INDIANAPOLIS (WISH) — There may be days when sitting together on the couch, talking about the past and future, may not seem like much.

But the Bowman’s just have to look at the scar on their son, Decker’s head, and look back a few weeks to know that moments like that can easily be gone.

“Deck and my other nephew who is six, had just gotten home from golf camp and they were hitting Nerf golf balls and made their way to the side of the house where they found a real ball, and the six-year-old hit the golf ball,” said Austin Bowman, “And by accident hit Deck.”

The side of his head immediately swelled up.

“The way it was sitting on his head was just really scary,” said Bowman, “We rushed him to the hospital and then after a few hours there, we were home and we were discharged and home.”

However, something happened just a few hours later.

“He woke up, he kind of like foamed on the straw that I gave him.”

Something wasn’t right. So back to the hospital they went. This time for a scan.

“When we saw the scan, the whole room we were sitting in, it went from like professional, it’s okay, I fell down,” Bowman said.

A blood clot was putting pressure on Decker’s brain.

“A head CT scan showed that a very, very large frontal epidural hematoma, basically blood clots, if you will, on the surface of the brain, outside of the membrane that covers the part of the brain called the dura. Between the skull and the dura, there’s a potential space. It’s not supposed to be real space, but when there’s bleeding in that space, it can cause a lot of pressure on the brain,” said Dr. Jodi Smith, Pediatric Neurosurgeon at Riley Hospital for Children at IU Health.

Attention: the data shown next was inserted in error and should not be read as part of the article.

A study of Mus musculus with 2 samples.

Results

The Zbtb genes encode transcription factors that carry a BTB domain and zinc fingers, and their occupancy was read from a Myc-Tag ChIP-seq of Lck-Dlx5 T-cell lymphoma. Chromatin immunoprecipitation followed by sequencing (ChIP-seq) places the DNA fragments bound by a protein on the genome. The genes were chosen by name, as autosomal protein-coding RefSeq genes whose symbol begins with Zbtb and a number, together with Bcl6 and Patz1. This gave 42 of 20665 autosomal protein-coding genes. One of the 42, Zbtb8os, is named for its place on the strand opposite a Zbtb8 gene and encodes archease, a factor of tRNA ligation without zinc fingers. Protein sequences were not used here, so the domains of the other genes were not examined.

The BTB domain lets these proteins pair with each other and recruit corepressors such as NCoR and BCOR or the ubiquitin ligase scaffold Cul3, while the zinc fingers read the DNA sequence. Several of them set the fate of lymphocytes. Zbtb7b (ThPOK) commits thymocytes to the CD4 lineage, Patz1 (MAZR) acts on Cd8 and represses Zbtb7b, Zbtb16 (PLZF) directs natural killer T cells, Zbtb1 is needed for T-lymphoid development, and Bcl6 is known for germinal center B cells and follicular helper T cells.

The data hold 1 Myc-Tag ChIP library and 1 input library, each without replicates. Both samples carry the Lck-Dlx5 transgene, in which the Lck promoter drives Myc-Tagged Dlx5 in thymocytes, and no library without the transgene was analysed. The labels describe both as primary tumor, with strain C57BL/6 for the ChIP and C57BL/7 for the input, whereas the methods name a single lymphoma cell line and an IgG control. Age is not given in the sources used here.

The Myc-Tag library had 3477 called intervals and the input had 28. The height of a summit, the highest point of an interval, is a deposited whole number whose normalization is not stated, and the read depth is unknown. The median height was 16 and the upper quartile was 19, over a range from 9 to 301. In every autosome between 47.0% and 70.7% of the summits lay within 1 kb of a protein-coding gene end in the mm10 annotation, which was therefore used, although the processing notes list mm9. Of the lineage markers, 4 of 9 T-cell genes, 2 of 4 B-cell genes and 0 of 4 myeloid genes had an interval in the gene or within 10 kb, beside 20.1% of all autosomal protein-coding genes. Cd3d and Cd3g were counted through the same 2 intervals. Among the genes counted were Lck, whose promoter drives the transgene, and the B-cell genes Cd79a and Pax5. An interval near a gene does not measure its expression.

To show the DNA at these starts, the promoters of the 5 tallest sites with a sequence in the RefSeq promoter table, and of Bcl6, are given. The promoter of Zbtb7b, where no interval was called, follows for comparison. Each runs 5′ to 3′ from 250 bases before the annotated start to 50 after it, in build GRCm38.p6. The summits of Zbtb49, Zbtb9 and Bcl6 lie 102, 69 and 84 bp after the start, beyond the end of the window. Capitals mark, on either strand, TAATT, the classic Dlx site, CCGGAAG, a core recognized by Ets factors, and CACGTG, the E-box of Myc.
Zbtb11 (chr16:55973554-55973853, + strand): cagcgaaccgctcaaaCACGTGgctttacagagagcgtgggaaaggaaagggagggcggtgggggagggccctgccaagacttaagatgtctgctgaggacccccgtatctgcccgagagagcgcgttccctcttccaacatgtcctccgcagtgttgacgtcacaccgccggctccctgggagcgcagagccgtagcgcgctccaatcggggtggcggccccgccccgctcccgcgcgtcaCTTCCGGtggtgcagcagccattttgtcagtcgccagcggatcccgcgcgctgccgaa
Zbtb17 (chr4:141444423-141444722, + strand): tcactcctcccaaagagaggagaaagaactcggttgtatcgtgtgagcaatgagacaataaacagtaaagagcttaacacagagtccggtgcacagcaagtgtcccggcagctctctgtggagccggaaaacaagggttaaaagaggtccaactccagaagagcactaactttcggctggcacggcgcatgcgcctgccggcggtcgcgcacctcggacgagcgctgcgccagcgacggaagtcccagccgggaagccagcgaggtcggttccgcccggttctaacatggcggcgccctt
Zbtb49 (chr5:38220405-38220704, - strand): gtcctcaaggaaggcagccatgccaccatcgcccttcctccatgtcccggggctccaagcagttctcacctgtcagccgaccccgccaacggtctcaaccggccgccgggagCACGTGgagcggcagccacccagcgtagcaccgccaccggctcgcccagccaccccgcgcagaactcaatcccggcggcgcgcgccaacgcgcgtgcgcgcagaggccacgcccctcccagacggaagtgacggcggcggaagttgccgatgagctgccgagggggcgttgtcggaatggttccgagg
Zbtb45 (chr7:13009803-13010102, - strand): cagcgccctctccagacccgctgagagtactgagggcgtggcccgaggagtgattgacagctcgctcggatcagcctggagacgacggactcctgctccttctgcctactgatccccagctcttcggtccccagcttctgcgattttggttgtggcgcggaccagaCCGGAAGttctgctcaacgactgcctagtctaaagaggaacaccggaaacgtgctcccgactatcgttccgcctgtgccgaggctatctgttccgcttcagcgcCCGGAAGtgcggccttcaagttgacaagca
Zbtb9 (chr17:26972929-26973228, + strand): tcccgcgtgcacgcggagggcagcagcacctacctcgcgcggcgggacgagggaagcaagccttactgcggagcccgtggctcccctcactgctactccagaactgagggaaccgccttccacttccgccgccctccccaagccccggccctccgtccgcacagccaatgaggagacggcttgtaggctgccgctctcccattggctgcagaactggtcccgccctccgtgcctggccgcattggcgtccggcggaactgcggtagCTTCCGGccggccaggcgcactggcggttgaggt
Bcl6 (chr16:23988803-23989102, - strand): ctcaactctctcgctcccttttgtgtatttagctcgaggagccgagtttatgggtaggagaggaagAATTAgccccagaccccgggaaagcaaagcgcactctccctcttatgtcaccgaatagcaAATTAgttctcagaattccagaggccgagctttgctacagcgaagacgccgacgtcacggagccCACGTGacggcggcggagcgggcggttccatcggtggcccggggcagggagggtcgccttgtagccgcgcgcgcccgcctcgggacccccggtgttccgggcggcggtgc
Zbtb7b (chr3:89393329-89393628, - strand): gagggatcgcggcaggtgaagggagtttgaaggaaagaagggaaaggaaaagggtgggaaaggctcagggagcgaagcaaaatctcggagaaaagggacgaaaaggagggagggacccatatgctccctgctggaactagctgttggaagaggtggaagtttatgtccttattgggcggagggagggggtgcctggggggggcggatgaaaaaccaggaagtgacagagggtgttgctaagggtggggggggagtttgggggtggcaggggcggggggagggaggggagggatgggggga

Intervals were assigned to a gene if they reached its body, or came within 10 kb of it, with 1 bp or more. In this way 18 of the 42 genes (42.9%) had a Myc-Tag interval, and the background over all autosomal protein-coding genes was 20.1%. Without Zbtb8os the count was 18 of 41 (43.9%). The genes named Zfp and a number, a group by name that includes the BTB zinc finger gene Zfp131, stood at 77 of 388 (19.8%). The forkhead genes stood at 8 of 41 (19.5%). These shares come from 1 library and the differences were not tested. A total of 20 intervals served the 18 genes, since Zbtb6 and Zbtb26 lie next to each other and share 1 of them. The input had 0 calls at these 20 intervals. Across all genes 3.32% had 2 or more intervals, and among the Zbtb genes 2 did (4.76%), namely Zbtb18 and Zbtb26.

He was rushed to Riley Hospital for Children at IU Health and Dr. Smith was rushing, too.

“He was swirling down the drain, so to speak, very quickly,” she said.

He immediately went into surgery.

“I took the bone off and there was at least a fist-sized area of clot on the surface of the brain,” Smith said.

It was the longest four hours of Decker’s dads and especially mom’s life.

“I was on a plane while he was in surgery,” she said.

She had been visiting a friend in Colorado and found a plane with one seat open to bring her back. She got to the hospital not long after Decker was out of surgery.

“It was every mother’s worst nightmare,” Abbie Bowman said.

“In the same token it was interesting that she was gone because I panicked and when Dr. Smith said it was seconds to save his life and that she needed to beat the ambulance or have a chance to save him,” Austin Bowman said.

The timing was right.

“I had no idea. I didn’t know it was seconds from him not making it,” Austin said.

And so was the decision Decker’s dad made to go back to the hospital.

“Had dad second guessed himself, ‘Oh we were already there, there’s probably nothing wrong and Decker went to sleep that night, Decker probably wouldn’t have awakened in the morning.’”

Out of the hospital in just a few days, Decker is now recovering at home. The Bowman’s credit the prayers from the thousands of people who commented and shared a picture of Decker’s injury that was posted on Facebook with helping him recover.

“It was all people caring about my son and I’m not sure which one of their prayers saved his life.”